Unfortunately, even the highest quality window film won’t last forever, and at some stage will wear out to the point where it needs to be removed. The two most prominent signs of expired film are 1) bubbling, and 2) purpling.
Bubbling film is caused by natural deterioration of the underlying adhesive. Once you spot your first bubble, you can be sure that more will appear soon enough. The other sign – purple film – comes as a result of the breakdown of non-metallic dyes, which causes the film to turn a purple color.
|Thankfully, it doesn’t take any special equipment to remove worn out window film. Following is a list of all that you will need to begin the tint removal process:
|1. Begin by slicing out two window-shaped sheets from the black trash bags. Next, cover the outside of the window with soapy water (sprayed or smeared) and place the first plastic sheet flat against the soapy window surface.Because most types of film are made up of several layers, this step is important to ensure that the film comes off all in one go. The heat that is trapped by the black plastic sheet makes the film much easier to peel off|
|2. Now you will move to the inside of the window. Before working on this step, make sure to cover all exposed interior surfaces (speakers, upholstery, etc.) with cloth or tarp. Once everything is protected, take out the undiluted ammonia and spray the full inner surface of the window.It is a good idea to apply the ammonia while wearing a face mask, or at the very least while holding your breath, as undiluted ammonia gives off a powerful odor.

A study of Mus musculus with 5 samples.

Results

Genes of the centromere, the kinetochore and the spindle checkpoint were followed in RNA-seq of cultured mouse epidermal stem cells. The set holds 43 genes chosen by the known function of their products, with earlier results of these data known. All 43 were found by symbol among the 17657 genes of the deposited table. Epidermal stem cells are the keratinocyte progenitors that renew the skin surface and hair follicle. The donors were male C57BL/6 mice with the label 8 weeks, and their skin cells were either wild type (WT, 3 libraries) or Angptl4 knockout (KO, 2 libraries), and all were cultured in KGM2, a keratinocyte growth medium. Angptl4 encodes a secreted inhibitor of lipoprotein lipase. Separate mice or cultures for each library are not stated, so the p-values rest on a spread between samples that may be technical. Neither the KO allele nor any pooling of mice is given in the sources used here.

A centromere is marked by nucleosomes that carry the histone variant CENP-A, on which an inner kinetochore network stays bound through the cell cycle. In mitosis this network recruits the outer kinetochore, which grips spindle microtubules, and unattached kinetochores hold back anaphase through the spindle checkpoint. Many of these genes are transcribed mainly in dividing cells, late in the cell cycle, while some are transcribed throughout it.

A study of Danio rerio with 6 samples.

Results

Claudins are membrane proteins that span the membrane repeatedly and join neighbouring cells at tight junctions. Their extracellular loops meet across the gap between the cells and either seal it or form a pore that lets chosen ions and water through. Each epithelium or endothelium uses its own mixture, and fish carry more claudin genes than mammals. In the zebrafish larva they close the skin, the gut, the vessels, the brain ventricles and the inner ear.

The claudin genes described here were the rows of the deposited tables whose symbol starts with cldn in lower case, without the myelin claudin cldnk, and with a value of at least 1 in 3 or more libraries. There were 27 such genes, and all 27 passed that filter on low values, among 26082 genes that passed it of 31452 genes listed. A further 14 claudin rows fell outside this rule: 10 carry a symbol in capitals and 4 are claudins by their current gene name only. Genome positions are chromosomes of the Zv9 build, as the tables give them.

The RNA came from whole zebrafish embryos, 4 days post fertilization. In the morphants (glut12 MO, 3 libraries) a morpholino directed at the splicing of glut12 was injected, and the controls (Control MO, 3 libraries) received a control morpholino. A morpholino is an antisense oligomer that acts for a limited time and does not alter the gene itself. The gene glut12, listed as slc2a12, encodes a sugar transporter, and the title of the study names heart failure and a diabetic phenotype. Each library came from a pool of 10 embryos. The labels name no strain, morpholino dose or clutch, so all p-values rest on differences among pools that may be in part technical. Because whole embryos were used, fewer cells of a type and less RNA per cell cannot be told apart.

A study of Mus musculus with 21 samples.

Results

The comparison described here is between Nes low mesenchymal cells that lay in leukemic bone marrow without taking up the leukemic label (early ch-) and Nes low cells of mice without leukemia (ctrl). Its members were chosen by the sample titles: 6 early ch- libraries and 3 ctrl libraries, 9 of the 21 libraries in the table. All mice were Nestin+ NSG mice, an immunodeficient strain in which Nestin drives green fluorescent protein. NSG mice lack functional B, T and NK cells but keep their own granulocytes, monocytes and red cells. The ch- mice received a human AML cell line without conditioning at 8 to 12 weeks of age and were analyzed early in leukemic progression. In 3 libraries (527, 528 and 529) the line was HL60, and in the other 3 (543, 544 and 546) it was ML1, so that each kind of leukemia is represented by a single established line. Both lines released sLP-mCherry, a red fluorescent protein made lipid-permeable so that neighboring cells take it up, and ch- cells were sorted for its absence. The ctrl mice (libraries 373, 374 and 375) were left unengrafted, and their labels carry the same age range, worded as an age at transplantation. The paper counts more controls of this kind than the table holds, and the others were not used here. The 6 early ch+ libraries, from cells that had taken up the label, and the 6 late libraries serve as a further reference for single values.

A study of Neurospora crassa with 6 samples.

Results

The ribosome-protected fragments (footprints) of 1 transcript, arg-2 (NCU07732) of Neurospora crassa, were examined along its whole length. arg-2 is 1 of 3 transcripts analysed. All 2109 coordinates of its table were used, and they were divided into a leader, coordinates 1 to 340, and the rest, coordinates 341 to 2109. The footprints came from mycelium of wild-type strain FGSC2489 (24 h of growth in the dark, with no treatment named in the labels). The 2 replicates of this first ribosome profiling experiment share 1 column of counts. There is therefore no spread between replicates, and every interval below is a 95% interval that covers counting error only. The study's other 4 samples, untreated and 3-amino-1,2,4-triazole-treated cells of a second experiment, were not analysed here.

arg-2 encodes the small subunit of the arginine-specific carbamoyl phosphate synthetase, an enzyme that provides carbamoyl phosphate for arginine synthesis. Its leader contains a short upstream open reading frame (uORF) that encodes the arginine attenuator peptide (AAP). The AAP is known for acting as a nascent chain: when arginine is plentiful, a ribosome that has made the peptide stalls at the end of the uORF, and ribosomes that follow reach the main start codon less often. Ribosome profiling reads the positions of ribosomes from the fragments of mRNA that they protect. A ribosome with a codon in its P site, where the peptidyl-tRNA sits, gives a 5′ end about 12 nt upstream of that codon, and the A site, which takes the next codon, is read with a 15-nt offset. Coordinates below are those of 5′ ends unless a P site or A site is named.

|3. Immediately after spraying, place the second plastic sheet flush against the window to ensure that the surface area is fully wet with ammonia. At this point, you can take a break for an hour and wait for the ammonia to soften the adhesive. The best place to keep your car while waiting is in full sunlight with the surface of the window directly exposed to sunlight.|
|4. After one hour, you can start to peel off the film. Lift the window film starting from the corner with either a razorblade or just your fingernail, and peel it away all in one go if possible. Make sure not to damage the defroster lines while doing so, and try to keep the film moist with ammonia to prevent it from getting hard again.|
|5. Once all the film has been removed, wipe away any leftover adhesive on the window with your super-fine steel wool and ammonia, and give it a good wipe with a dry paper towel.
You can now take off the black plastic sheet from the outside and finish off the job by giving the window one final wiping with glass cleaner.